How many subscriptions do you have? I bet you have more than you think. Check it out. You will have subscriptions to on demand TV, to your phone, to apps, and possibly to deliveries of regular consumables such as razors, fresh meals, pet food, beauty products and the like. The subscription business model has been tremendously successful. Barclaycard reckoned that in 2020, 8 out of 10 British households were signed up to at least one subscription and put the average number per household at seven.

The subscription model is not going to go away but it is under threat. Netflix is the canary in the coal mine. Its shares are down 40%. Not only has it stopped growing, it has suffered a customer decline. When things get hard financially, people begin to look at the subscriptions and decide which they can do without. Some of the subscriptions will be life’s luxuries or consumers will have worked out it is possible to buy them cheaper in the open market.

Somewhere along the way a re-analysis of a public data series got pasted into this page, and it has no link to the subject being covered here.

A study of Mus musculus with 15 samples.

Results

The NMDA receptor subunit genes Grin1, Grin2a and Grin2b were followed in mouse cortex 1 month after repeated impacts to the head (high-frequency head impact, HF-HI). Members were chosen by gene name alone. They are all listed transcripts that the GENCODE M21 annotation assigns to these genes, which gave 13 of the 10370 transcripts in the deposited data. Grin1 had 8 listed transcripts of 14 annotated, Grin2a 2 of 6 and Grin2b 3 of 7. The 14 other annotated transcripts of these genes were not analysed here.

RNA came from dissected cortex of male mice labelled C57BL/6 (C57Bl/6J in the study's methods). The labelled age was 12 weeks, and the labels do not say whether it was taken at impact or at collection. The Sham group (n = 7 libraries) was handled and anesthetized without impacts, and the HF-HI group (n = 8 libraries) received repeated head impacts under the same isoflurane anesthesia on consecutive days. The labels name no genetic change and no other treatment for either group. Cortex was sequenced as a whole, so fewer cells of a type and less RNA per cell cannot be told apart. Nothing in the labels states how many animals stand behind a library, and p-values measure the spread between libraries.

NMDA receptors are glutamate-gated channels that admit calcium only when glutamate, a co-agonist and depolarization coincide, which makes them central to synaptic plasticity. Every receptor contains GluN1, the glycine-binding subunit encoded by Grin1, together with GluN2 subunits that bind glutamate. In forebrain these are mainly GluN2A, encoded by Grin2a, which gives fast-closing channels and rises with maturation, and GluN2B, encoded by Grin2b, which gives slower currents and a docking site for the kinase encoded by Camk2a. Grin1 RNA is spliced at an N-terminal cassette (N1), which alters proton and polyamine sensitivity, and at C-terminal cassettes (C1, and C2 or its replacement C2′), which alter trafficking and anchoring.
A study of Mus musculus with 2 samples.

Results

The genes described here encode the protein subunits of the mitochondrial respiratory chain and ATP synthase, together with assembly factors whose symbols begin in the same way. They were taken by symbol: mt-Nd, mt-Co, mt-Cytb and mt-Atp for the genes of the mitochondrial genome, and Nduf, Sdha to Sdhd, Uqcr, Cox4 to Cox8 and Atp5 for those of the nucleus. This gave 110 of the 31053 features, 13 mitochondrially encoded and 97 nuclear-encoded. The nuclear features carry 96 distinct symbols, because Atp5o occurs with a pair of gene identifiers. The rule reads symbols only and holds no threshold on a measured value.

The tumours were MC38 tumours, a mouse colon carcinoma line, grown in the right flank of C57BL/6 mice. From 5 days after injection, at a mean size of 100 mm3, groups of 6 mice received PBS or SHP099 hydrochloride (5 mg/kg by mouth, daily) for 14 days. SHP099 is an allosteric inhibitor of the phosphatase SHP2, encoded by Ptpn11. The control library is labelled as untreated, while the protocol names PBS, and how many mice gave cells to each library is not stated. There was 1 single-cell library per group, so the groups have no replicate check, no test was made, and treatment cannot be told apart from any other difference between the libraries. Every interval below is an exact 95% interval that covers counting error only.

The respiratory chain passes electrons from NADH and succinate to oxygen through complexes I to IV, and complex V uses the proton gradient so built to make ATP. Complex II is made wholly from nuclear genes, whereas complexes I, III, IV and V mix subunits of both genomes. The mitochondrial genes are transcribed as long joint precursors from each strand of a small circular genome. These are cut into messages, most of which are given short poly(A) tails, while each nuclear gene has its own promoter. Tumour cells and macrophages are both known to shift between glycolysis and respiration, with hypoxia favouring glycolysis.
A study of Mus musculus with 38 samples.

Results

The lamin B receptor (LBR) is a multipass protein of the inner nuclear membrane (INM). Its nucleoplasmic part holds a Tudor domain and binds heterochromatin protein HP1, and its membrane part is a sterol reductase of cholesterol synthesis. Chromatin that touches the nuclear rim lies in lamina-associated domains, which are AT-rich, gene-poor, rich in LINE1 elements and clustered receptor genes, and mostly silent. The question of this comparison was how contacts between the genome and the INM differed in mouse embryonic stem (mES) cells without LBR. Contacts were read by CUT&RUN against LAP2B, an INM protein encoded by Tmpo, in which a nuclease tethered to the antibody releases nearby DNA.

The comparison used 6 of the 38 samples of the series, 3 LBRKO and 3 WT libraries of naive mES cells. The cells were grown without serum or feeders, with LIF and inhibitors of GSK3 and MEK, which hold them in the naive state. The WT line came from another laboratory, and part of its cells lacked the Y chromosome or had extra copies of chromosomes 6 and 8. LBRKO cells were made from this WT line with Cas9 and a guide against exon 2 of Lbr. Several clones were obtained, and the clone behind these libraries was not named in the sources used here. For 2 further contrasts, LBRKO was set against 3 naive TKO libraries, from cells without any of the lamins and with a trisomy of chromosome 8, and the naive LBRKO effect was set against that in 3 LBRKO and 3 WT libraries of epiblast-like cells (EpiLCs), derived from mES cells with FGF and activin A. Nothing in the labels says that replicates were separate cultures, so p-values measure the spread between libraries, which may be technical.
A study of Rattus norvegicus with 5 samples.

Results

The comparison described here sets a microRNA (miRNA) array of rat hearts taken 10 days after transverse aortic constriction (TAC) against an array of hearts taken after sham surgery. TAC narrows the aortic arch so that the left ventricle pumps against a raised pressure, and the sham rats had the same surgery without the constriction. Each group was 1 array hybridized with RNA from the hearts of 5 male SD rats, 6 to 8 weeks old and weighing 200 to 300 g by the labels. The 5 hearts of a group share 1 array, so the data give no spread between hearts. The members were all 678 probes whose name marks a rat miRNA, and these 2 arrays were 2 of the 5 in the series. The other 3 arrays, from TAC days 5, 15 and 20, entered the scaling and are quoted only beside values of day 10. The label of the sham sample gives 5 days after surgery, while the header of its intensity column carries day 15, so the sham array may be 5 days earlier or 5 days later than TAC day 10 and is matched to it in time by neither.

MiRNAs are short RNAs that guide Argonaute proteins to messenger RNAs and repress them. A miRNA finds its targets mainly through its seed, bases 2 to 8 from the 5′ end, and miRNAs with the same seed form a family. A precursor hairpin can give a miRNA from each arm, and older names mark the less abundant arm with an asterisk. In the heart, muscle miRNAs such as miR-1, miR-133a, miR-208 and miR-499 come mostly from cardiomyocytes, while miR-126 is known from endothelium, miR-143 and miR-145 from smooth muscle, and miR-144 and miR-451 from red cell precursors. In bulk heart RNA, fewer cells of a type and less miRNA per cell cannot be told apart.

In the US over 80% of customers underestimate what they spend on subscriptions each month and government regulators are trying to work out how they can hold subscription suppliers to a standard. It’s not unusual for a subscription supplier to roll forward the contract without explicit consent. In the UK the government reckons that payments to unwanted consumer subscriptions amount to £1.8 billion a year - equal to £60 per household.

From the subscription suppliers’ point of view this business model is a dream. It provides a recurrent revenue stream rather like software as a service. It is no wonder that subscription services doubled between 2016 and 2020 and then doubled again in 2021.

As dark clouds gather over the economic horizon this business model gold mine will surely crumble. I am reminded that the California gold rush began in 1848, reached its peak in 1852 and was in serious decline by 1855. That's about the same span as the subscription model.